If you’re waiting for the chief digital officer to disappear, you may have to wait a while


It’s all about culture

While Forrester predicted in 2014 that 2015 would be the year CIOs proved the CDO role is unnecessary, its latest report suggests otherwise.

Forrester’s study, entitled Top performers appoint chief data officers, surveyed 3,000 global business and technology decision-makers and found more companies and governments are appointing CDOs, with 45% already having one in place and a further 16% planning to hire one in the next 12 months.

The report showed there is a strong correlation between appointing CDOs and strong performance, stating top performers are 64% more likely to appoint a CDO.

Jennifer Belissent, a principal analyst at Forrester and one of the authors of the report, told Computer Weekly companies don’t necessarily perform better because they have a CDO, but rather because they understand the value of data. On average, she said, companies with CDOs achieve higher revenue growth, which could mean having one on board increases chances of success.

However, digital natives – such as Uber and Netflix – don’t have CDOs and arguably don’t need one, mainly because they already have a strong data culture, the report said.

Organisations need to address the gaps in data maturity and use the data it collects to benefit the business.

Belissent said developing that culture and understanding the value data brings to the organisation is key, while having someone with the title of “CDO” doesn’t necessarily mean anything, unless the person drives better data performance.

 “It has to do with the ability to see data being an important asset and using it. If someone is taking the responsibility for these functions, they don’t need a CDO,” she said.

CIO versus CDO: Let the battle begin?

The role of CDO is a relatively new one and seems more glamorous than the traditional CIO role. Computer Weekly’s Mark Samuels wrote in January 2015 that the combined forces of consumerisation and the decentralisation of IT knowledge has meant the CIO has become less certain of the future than ever before, partly due to the rise of the CDO.  

Where some studies suggest CIOs feel threatened by the rise of the CDO, others show CIOs welcome the role. Computer Weekly previously reported that a study conducted by research agency Loudhouse, which surveyed 250 CIOs, found 61% of CIOs wanted to recruit a CDO in the next year.

However, the battle may very well be real for some CIOs.

“The perception of the turf battle is not completely unfounded because data has been the domain of techies,” said Belissent.

“The threat is there for CIOs who focus too much on their daily operations without lifting their heads and looking at what the business needs and how technology can play a role in developing the business,” she added.

“These are the CIOs that are going to feel threatened, not just by CDOs, but by strategic C-suite positions in general. CIOs constantly need to be thinking about their strategic role in the organisation.”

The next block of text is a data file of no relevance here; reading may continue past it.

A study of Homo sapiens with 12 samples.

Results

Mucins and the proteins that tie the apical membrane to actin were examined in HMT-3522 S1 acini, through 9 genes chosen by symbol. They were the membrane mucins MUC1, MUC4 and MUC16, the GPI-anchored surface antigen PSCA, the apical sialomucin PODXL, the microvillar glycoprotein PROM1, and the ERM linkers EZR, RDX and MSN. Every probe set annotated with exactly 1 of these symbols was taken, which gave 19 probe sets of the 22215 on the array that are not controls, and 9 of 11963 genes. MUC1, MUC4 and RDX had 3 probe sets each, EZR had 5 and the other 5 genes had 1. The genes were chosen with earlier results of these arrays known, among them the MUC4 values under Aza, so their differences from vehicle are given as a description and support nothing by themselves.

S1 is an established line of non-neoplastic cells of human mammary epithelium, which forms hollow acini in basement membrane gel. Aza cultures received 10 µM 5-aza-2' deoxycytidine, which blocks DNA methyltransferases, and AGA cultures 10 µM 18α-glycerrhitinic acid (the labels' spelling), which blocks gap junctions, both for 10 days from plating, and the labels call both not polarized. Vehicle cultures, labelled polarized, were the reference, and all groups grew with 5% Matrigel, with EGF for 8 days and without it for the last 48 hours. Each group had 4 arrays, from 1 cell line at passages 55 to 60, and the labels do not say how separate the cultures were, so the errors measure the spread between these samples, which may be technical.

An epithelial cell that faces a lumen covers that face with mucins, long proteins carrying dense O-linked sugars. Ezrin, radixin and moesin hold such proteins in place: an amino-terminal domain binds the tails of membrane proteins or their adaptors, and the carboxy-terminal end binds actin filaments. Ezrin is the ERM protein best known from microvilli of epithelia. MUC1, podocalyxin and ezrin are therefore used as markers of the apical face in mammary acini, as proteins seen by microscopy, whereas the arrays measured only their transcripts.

Two is better than one

Christian Benson, head of information management and analytics at Atos, said the roles of CDO and CIO may potentially be merging or “working in tandem – where the CDO is more of an advisor, a mentor or ideas person who understands the potential of the market”.

“In that scenario, the CIO becomes the executor and implementer of that vision and strategy. Otherwise there is a huge amount of experience you are not tapping into. The CIOs have seen the market evolve and have relationships with software suppliers and they understand the pitfalls,” said Benson.

Forrester’s report was careful to highlight there is room for CIOs and CDOs to work side by side. The CDO role is not necessarily there to put the CIO out of work, but rather bridge the gap between IT and business.

“CIOs still have a place,” said Belissent. In fact, Forrester’s report found one-third of CDOs report directly to the CIO. 

“The CIO-CDO relationship is nothing short of Hanna-Barbera’s Wonder Twins – ‘shapeshifters’ who transform themselves into various forms to solve the world’s problems,” the report said.

The evolution of the CDO

Forrester’s research showed the exact role of a CDO varies from organisation to organisation, depending on its level of data maturity.

“One thing we see is the role of the CDO is evolving. If the data capacity and the competence is not in place, that needs to be the first step the CDO takes, but once that’s done, the CDO will not go away,” said Belissent.

According to Belissent, the role will transform and continue looking at the analytics side of things and advocating the importance of data. CDOs will then move on to focus on cultural transformation.

In three to five years, the CDO role may not look the same, she added, but there will be a role there depending on the needs of the organisation.